Speaking of not being impressed (ahem, Mckayla the gymnast), can I get an Amen if you like getting feedback? Wow, the room got really quiet there for a second. Undoubtedly, there are people who like giving feedback–managers, supervisors, and the various people who direct others surely love doling out the feedback; otherwise why taken those positions. Surely it ain’t for the love and roses one receives from those you try to guide and in some circumstances shield from adverse workplace events. The reason for the lack of love is because no one truly can take feedback. Some claim they learn from it, but deep down, I swear most harbor resentment. That resentment is oftentimes related to “se7en” factors: (1) they feel they are actually smarter or better than you (in some instances that may be true but obviously they weren’t smart enough to be your supervisor, so take that); (2) they are under the illusion that they are an under-appreciated, misunderstood genius because their mommy raised them to believe that; (3) they don’t have the constitution, self-esteem, or sense of identity to handle it; (4) feedback is seen as petty and so micro when they are clearly so much bigger than all this minutia; (5) their ego is so large they have lost their sense of hearing; (6) they equate length of time in the field or ever working with skillsets which that is clearly not a positive correlation; and (7) it just sucks to hear something negative.
There are those that claim they can take critical feedback as long as it’s mixed in with positive reinforcement. How Psych 101. It’s pretty much the equivalent of saying that you’ll accept minor criticism if you are also showered in praise. Maybe you just suck. Which reminds me of a former staff who claimed that what she did on company time was none of my business, that our conversation was so “Psychology 101” and then went running away from me as I tried to get her to sign her warning letter. She quit 10 minutes later and hugged me goodbye. One of the most bizarre workplace interactions I’ve encountered.
There are those who are actually smart, strive to learn and process your feedback. Somewhere. I’ve been led to believe they exist in the wild, but sightings are infrequent. They are the good employees that you eventually promote (although there are many bad employees that get promoted), but you can’t help but feel a bit like a conspiracy theorist imagining that the second you are out of the room there is some level of negative feeling or reaction.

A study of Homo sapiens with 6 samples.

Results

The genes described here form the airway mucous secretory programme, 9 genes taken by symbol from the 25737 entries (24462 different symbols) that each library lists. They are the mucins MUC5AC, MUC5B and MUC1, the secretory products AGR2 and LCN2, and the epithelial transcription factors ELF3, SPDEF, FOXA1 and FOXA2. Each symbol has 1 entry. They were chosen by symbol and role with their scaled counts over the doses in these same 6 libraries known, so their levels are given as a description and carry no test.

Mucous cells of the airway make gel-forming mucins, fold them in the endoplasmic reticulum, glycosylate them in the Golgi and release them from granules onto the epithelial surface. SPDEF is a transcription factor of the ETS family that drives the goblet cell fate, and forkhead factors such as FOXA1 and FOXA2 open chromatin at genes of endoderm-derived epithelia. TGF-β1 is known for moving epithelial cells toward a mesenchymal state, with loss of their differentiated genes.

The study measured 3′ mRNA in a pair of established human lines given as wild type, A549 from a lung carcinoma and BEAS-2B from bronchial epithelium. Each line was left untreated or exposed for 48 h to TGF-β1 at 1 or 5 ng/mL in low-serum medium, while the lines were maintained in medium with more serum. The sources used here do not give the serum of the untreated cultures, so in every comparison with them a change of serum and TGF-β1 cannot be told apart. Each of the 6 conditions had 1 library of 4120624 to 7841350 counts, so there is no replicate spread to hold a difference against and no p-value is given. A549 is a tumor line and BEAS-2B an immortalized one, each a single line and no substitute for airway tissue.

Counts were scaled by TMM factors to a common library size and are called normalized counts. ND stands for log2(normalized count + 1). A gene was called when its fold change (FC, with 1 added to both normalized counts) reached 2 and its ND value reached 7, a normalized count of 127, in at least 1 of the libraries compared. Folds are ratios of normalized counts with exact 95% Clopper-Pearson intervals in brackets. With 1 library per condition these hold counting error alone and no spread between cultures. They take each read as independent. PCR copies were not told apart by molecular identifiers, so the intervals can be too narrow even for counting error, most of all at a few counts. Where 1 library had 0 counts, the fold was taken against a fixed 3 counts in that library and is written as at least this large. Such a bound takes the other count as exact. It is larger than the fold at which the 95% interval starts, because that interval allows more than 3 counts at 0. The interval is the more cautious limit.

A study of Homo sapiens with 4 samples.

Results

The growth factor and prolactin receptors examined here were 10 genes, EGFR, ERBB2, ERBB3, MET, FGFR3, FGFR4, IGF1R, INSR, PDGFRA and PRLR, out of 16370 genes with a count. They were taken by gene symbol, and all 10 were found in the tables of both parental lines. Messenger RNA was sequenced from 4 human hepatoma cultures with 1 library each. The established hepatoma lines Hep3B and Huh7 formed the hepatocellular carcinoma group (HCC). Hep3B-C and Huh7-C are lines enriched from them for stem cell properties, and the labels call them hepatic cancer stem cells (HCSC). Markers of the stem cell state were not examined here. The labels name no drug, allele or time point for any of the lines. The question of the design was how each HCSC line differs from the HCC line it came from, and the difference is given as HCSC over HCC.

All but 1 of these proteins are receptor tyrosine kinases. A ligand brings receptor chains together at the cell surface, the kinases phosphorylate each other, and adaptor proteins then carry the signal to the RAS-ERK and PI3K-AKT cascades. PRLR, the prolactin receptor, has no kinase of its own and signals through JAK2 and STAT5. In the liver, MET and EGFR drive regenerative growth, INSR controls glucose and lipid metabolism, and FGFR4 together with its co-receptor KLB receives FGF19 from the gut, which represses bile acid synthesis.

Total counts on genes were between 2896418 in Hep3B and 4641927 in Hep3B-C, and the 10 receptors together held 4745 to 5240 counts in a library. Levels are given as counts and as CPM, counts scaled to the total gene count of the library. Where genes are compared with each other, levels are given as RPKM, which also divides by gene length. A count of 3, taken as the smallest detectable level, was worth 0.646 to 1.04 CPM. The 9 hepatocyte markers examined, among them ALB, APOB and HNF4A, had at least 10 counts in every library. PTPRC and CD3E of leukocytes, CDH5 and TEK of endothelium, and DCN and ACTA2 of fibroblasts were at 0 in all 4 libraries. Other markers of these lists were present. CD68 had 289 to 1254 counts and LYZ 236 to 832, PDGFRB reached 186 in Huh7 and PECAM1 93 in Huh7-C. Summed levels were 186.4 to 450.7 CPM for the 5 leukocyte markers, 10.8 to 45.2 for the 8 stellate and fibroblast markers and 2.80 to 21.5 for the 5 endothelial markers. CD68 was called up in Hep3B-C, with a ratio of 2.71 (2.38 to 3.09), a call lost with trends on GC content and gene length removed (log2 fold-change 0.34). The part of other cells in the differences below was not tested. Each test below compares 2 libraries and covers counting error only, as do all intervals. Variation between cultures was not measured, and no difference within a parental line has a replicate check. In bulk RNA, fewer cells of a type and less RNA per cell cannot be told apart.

In the workplace, there is such a thing called an exit interview. It’s the chance for an employee that’s leaving on their own accord to provide feedback to the organization. Basically, an exit interview is a chance to leave on a positive note, offer a few minor, correctable observations and leave with good will, or you can burn that bridge and go out in a blaze of fury. Either way, hardly ever does management really take into account or implement new strategies based on said interviews. See, the organization is run by people (for the most part) and their ability to handle that feedback is pretty limited. Also, they just don’t care. They are in power. You are leaving. Enough said.
I ask why did the media, and ostensibly the public, act shocked when neither Bush nor Obama could come up with a really good answer in terms of what they learned from their first terms in office. You think they took feedback and internalized it? Well, it would actually entail someone daring to give them feedback to begin with. Counsel, Yes. Feedback, nah-not gonna happen. Non-profit organizations also have a rocky relationship with feedback in that there is a sense of entitlement to getting away with certain types of work behaviors they are ostensibly working out of the goodness of their hearts and not getting paid much for. Its as if they are saying hey the less I get paid, the less I will tolerate feedback. Hmm, I almost get that point. There is only so much suckiness someone can tolerate, I suppose. But then again, without accepting feedback, you will not be able to rise above that sucky job. Furthermore, in non-profits the pay is actually not that bad (see previous blog post on salaries).
So, there are all these lists and books that talk about how to manage effectively. Inevitably, there is a chapter on how to provide feedback. These books in all seriousness will state that feedback increases team productivity and harmony. Productivity? Possibly, for a little while at least, at least until people no longer feel their job might be in jeopardy. Harmony? Not so much. That’s actually laughable. No book ever details how you provide feedback to a staff person who is literally running away from you, or throwing themselves on the floor in a tantrum. How about we use the Clockwork Orange method and strap them to chair with their eyes forced wide open? Don’t think you can get away with that? Then go get a couple of cocktails and rip the band-aid.
Categories: current events, Fresh Pressed, Management, non-profit, Psychology, workplace
I feel we don’t practice effective listening. I think it is important to practice listening while providing or giving feedback. If the other person is not in receptive mood, there is no point in providing feedback. Similarly, if we cannot listen, we are leaving a chance to learn something new about us or about our work style or anything else. I sometimes feel, even if other person is rambling 99% there will always be 1% truth in it. Now it depends on us to take that truth in our wings or leave it like that.With this,I am resting my thoughts here. 🙂
Couldn’t agree more on the points of active listening. I don’t think enough truly do it.